Q&A: Supernova Remnants and Neutron Stars
Concerning magnetars: when their magnetic field causes them to
slow down, do they become pulsars for a time before becoming a regular
neutron star or do they go straight from a magnatar to a neutron star?
Also, I have heard some references that claim neutron stars that are
not part of a multiple star system and are not accreting matter
sometimes explode as supernovas. Is this true or do they just exist as
a stable silent lump of neutrons with a solid crust of iron nuclei forever?
Magnetars and pulsars are both separate sub-classes
of neutron star. So when you say "before becoming a regular neutron star",
what you may mean is "before becoming an inactive/invisible/dead
In any case, this is a very good question. We do think that the magnetic
fields in magnetars probably decay, and if they do, it seems reasonable
that they pass through a pulsar phase as they do so.
If I had answered this a few days ago, I would have said "except that this
has never been observed". However, hot off the presses is a
new result in which radio pulsations from a magnetar have been detected!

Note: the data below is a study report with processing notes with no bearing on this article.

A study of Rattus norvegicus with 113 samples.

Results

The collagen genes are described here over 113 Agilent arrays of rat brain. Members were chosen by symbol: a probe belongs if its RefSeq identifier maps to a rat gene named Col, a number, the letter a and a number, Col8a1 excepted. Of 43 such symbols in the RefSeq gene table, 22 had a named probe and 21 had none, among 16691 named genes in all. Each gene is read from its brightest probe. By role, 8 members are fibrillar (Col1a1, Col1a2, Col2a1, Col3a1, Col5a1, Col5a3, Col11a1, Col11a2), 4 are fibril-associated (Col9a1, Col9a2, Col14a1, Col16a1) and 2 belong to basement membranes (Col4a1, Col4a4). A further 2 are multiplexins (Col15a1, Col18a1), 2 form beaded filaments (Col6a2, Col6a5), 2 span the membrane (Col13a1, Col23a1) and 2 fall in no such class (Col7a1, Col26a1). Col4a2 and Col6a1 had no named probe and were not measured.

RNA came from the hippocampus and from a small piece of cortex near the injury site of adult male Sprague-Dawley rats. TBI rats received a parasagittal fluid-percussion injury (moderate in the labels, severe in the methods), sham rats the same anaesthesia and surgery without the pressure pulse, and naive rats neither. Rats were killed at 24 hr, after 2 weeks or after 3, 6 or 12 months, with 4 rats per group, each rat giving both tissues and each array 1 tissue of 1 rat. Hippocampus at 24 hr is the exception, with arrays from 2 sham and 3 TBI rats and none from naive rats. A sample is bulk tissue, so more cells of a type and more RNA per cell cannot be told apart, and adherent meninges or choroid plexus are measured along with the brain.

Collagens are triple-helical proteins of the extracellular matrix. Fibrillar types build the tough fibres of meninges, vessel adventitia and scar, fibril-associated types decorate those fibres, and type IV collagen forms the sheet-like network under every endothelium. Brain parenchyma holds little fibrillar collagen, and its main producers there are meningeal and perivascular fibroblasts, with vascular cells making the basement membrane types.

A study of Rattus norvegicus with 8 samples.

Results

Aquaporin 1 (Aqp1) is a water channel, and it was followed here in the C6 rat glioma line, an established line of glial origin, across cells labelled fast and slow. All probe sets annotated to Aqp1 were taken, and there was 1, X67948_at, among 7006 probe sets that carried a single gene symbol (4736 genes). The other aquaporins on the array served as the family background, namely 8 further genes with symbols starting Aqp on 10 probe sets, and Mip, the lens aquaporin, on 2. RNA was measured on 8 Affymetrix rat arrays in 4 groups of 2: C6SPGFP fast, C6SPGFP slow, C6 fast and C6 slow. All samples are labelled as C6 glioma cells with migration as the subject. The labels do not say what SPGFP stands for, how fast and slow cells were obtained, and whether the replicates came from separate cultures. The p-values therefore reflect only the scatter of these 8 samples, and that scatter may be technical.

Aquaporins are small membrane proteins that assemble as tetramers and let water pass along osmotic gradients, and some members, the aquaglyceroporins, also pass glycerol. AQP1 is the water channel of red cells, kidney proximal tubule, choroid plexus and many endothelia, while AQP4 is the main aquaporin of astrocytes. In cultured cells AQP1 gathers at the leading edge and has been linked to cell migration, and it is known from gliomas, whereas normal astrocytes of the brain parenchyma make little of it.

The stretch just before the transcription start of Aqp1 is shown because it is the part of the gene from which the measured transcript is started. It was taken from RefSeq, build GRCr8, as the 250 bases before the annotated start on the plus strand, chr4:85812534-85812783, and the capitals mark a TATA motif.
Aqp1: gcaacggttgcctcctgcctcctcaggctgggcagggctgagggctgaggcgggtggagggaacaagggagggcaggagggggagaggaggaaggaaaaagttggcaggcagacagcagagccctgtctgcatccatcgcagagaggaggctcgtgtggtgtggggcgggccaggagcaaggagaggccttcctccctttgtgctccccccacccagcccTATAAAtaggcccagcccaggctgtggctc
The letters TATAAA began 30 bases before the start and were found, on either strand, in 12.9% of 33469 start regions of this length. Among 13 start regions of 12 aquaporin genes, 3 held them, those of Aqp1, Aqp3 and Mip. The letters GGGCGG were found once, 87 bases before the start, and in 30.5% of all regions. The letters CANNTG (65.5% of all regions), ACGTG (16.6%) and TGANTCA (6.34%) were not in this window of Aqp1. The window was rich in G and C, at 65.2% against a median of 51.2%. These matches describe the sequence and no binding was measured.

See http://arxiv.org/abs/astro-ph/0605429. So it does seem possible that
magnetars can have pulsar-like properties. Whether this is a phase in their
evolution as their field decays, or is something more complex, is as yet
In response to your second question, I have not heard any theories in which
isolated neutron stars explode. Neutron stars are one of the most stable
forms of matter known, so without something dramatic happening (e.g. a lot
of accretion or a merger with another neutron star), I don't think anything
can be done to a neutron star. After it has slowed down and cooled down, it
will remain a dark ball of neutrons for eons.
Eventually all that will remain in the Universe are neutron stars and
black holes. The neutron stars will either merge (and form black holes)
or be sucked into black holes. Much later the black holes will all
evaporate, and the Universe will slowly die a "heat death".